First diagnosed with Type 1 Diabetes in 1995.
When Lauren was four, she got very sick, and we took her to the doctor three times with flu-like symptoms, losing 10 lbs and going from 48 lbs to 38 lbs in three weeks, before he diagnosed her with type 1 Diabetes. He said to me, “Lauren has type 1 diabetes. You may be more comfortable driving her to Children’s Hospital than dealing with the sirens of a 911 Aid truck, and you don’t have to run any red lights, but you need to take her there right now. Do not make any stops. I have called ahead to Children’s and they are expecting you. Go to the ER entrance.”
Thus began a new era in our family. Lauren had a blood sugar of over 650, and they said she would have died in another 2-3 days if we had not brought her in.
Of course we didn’t know this at the time, and thankfully, 65 years earlier Insulin had been discovered turning her death sentence from diabetes into something manageable though difficult. Difficult we could handle.
We learned that something in her body had mysteriously attacked her pancreas, killing the beta cells, rendering her body unable to convert food into energy. This is called Type 1 Diabetes, and is one of more than 80 autoimmune diseases that can attack our body parts causing various diseases like Multiple Sclerosis, Rheumatoid Arthritis, and Lupus. Of course we didn’t know this at the time, and thankfully, 65 years earlier Insulin had been discovered turning her death sentence from diabetes into something manageable though difficult. Difficult we could handle. Chasing her around the house, pinning her down screaming to give her a shot is a rueful memory. Getting calls from her teachers while she was on an elementary school trip and she was becoming unresponsive still gives me chills. Today Lauren is 31, and I have never heard her complain about her finger pokes for blood tests, shots to deliver two types of insulin calculated in different amounts 4 times a day, forced eating, forced abstaining from food, emotional/mental/physical highs/lows, measuring/testing/recording/frights, and feeling terrible from the symptoms of type 1 diabetes that are a life-long plague.
Today diabetes is an old friend she would rather loose. On a pump instead of needles, she has learned to mimic the actions our pancreas does automatically without us having to worry about it. Our own pancreas is very smart and we need it to live. Now Lauren is very smart, but take away the insulin and she dies.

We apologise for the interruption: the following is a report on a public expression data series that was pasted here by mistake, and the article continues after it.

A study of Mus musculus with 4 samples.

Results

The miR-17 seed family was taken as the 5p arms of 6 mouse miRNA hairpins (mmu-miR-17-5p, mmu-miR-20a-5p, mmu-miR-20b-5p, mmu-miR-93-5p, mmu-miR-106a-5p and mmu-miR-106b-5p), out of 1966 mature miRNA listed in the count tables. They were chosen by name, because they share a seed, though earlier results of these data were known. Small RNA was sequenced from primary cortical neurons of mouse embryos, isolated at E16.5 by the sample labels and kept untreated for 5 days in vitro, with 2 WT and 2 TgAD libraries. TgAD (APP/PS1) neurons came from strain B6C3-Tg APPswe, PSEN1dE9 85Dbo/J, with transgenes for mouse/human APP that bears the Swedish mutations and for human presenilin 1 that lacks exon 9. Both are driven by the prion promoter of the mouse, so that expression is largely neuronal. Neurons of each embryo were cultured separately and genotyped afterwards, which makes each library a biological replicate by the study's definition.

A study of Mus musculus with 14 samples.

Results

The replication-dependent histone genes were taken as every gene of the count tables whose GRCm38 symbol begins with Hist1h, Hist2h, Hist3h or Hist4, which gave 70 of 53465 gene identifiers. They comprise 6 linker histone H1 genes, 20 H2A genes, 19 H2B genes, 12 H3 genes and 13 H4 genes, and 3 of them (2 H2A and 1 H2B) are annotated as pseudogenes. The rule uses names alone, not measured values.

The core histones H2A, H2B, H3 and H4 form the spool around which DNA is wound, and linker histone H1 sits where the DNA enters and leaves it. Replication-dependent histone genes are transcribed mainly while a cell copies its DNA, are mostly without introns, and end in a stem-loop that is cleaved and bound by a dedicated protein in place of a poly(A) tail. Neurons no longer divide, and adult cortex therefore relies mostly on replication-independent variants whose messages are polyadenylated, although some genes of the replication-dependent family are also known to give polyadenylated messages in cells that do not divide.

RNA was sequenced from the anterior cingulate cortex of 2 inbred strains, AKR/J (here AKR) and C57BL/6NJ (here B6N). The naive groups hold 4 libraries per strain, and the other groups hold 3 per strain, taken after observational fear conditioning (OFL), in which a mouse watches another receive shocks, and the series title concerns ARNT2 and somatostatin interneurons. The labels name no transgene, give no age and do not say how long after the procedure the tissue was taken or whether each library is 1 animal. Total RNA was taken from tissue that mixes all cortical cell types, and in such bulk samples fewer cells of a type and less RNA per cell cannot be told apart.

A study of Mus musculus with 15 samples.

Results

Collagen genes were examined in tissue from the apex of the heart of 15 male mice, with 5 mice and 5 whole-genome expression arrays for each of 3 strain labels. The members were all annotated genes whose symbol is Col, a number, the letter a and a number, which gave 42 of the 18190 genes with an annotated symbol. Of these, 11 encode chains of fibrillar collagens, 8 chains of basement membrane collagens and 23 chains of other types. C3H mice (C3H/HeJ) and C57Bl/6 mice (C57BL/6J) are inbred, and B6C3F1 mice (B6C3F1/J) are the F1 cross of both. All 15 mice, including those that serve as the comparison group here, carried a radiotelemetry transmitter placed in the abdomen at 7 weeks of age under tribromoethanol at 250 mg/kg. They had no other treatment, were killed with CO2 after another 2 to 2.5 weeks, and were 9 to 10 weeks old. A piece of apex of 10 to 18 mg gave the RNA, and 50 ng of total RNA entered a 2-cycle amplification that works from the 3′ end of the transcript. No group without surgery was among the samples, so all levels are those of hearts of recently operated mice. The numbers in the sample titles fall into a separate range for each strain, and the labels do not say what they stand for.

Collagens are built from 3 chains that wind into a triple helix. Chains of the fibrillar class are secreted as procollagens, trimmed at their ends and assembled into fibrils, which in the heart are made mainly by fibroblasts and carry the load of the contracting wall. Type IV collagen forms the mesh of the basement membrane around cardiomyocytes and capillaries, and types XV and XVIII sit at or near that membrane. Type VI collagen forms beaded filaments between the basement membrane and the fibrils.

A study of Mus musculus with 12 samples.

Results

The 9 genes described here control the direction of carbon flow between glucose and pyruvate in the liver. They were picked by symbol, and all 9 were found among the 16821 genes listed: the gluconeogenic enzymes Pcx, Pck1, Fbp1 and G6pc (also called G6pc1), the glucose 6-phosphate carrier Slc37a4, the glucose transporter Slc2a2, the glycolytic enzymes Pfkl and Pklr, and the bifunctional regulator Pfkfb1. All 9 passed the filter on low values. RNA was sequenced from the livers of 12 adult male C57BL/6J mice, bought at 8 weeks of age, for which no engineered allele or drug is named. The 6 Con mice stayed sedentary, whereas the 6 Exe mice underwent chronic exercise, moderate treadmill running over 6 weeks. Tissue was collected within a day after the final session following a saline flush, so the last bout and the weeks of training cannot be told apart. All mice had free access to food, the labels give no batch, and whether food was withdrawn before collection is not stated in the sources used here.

Together we came to learn that it is not unusual for people with one autoimmune disease to have multiple autoimmune diseases.
Together we came to learn that it is not unusual for people with one autoimmune disease to have multiple autoimmune diseases. When Lauren was 12 she developed Reynaud’s syndrome, where her hands and feet get very cold. It can be very serious, but it is not so serious as uncomfortable for her. At age 16 she developed alopecia, where something in her body mysteriously attacked her hair follicles causing her hair to fall out. She was a cheerleader with long blond curly hair. At age 18 she was diagnosed with ankylosing spondylitis, a form of arthritis that inflames the joints making you stiff and causing pain. She called me during her third week as a freshman at Seattle University and said something was wrong, she couldn’t get out of bed. At age 23 Lauren was diagnosed with celiac disease, her 5th autoimmune disease, this one affecting the small intestine, and taking four painful years to diagnose.
At age six she spoke to 300 guests at the Nordstrom Beat the Bridge event to raise money for the Juvenile Diabetes Research Foundation. At age 25 she spoke to 900 guests of the Virginia Mason Dreambuilder Fundraiser for the Benaroya Research Institute to raise money for autoimmune disease research. Today, married and a mother to their 6-week-old baby, Lauren is a mental health therapist in Kirkland, WA, helping others and their families navigate the emotional impact of a health diagnosis or chronic illness. She gets it. http://www.laurenlippincott.com.